I AGREE with Mr Ronald Lee Yew Kee ("Name Sports Hub venues after athletes"; Nov 20) that there will be bigger and more befitting things to name after Mr Lee Kuan Yew than the new stadium. One such facility is Changi Airport. At some opportune time in the future, we should consider renaming it Lee Kuan Yew International Airport, in the manner of John F. Kennedy International Airport, which was known as Idlewild Airport until 1963, when its name was changed in memory of the late United States president.
- PM Lee: S'poreans spamming the Philippines Day FB page are a disgrace
- PM Lee censors foreigner's comment saying S'poreans should be given their rights
- SCDF NSman had sex with 13-year-old girl at Pandan reservoir shelter
- Gilbert Goh: Ten reasons why you must resist the Filipino celebration of their Independence Day
- Macdonald asks customers to faster finish their meals because the "Big Bosses" are coming
- Filipino in Singapore: Pinoys in SG have gone too far
- Philippine's media laud PM Lee for calling his own citizens "a disgrace"
- Dear TRS, this bus driver really made my day!
- Singaporean mum pulled down maid's shorts and underwear in front of her kids
- Philippines ABS news: Singapore PM defends Pinoy celebration by insulting his own citizens
A week after Prime Minister Lee Hsien Loong spoke of “fighting back” against trolls online, the Attorney General’s Chambers (AGC) applied to the court to initiate actions against blogger Alex Au. The AGC sought judicial permission to charge the 61-year-old blogger with contempt of court for two articles he wrote in October. Judge Belinda Ang granted leave to the AGC to take action on only one of the articles.
A Singaporean jailed over one of Australia's biggest drug busts has lost his bid for more time to appeal against his sentence. Koh Keng Chuan, 33, had been sentenced to 161/2 years' jail by the Sydney District Court back in June 2011, after pleading guilty to knowingly taking part in supplying 2,272kg of liquid Ecstasy, reports The Straits Times.
Vietnam has intensified a crackdown on online dissent with a new decree that threatens fines of several thousand dollars for anybody criticising the government on Facebook. The legislation, which will come into force in January, looks set to further narrow the space for online expression in a country already branded an “enemy of the Internet” by Reporters Without Borders.
Baey Yam Keng, MP for Tampines GRC and self-styled Minister of Selfies posted this image to Facebook earlier in the week in reference to a session on social media he held for “senior Vietnamese government officials”. Why the Vietnamese government need to learn about social media by coming to Singapore was never explained, in fact a more compelling case could be made for the PAP seeking to learn from the hardline stance taken against internet freedoms in Hanoi. Recent developments in the High Court against Alex Au unfortunately throw this question into stark relief.
On Sep 11, 95-year-old Mdm Loke (陆带好) ended it all by leaping from her HDB flat in Bukit Merah. Her loving caregiver said she had a fall in July and was hospitalized for three weeks. It is speculated that she decided not to burden her children any further. As a Samsui woman, she had worked from dawn to dusk for 50 cents a day, hauling bricks and construction equipment. Imagine what the “subsidised” hospital bills might look like to her. She had sacrificed her youth for better days, but the migrant from Guandong who came ashore at age 18 only found that “life was harder when I got here.”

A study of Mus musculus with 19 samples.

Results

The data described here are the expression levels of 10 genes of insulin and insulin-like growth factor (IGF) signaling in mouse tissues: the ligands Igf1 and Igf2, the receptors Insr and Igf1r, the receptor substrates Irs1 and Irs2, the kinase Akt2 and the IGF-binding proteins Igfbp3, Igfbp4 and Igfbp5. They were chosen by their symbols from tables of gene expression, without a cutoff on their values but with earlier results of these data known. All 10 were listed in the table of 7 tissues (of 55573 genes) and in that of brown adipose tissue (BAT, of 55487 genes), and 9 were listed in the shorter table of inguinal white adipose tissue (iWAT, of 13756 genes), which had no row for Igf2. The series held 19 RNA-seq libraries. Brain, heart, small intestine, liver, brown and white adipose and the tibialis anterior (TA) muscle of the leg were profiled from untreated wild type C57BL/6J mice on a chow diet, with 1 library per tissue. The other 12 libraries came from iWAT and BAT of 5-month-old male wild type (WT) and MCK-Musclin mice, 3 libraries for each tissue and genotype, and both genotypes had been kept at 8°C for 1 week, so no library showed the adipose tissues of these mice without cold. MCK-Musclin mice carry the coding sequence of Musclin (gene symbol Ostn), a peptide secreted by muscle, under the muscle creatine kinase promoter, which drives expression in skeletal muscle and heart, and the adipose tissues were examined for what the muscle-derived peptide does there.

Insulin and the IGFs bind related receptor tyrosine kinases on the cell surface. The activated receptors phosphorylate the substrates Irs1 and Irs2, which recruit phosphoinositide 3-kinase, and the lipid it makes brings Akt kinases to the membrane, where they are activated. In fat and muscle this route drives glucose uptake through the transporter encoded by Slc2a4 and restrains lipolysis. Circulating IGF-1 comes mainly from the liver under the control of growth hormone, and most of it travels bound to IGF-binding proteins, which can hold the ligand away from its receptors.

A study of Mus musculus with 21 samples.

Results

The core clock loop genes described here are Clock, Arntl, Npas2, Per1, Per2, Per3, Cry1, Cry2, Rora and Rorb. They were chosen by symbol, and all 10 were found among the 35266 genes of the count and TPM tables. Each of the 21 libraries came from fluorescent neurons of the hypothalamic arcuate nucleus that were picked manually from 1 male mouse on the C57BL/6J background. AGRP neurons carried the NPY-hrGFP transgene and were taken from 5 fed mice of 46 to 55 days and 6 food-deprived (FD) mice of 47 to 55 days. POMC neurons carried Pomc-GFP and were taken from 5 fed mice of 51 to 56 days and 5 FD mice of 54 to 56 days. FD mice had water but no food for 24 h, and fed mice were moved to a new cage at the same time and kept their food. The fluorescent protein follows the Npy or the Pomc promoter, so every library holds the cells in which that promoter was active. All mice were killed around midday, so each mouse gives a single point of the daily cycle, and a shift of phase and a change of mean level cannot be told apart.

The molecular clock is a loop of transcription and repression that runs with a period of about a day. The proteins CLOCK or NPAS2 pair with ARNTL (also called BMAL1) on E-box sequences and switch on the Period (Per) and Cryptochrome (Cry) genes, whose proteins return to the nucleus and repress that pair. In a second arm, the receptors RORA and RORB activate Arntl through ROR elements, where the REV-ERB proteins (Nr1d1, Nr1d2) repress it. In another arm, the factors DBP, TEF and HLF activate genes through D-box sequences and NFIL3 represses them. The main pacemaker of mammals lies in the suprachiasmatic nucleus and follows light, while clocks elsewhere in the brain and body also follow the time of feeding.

I think it’s time we evolve past the arbitrarily chosen age limit for stuff like voting, parental consent ect. But my focus today is going to be on voting. First we must try to understand why and how the magic ’21/ 18 year old rule.4 It all starts with society acknowledging that not every member of society should have the right to vote. Some were deemed A) ‘mentally unsound’. Others were labelled as B) criminals and barred from voting too. The last, and largest group people decided to bar were C) ‘kids’.
National Service was the suture that gave us our protective armor. We believed in it, the historical circumstances provided the rationale and emotions for it. You are not a nation unless you have an army. It was 2 decades after WW2, Vietnam war was ongoing, Sukarno was expansionary, and Malaysia didn’t like LKY too much. The National Service (Amendment) act was passed on 14 March 1967. 1. Defense: a. do we need such a high defense expenditure relative to GDP? b. are we defending our territorial integrity versus our extension of international influence or in fact a proxy for other powers? c. has the regional political and economic realities changed to the degree that NS as a conscription needs to be revisited?
Dear Tan Chuan-Jin, We are a group concerned citizens, I would like to clarify the regulations of employment of Employment Pass holders in Singapore. Mr Karl Nikolay of passport no: xxxxxxx residing in xx Jalan Daud holds an employment pass in Singapore but has been out of work for sometime. He has lived in singapore for many years and has changed jobs on many occasions. Recently he has been terminated from his job but continues to be a resident in Singapore.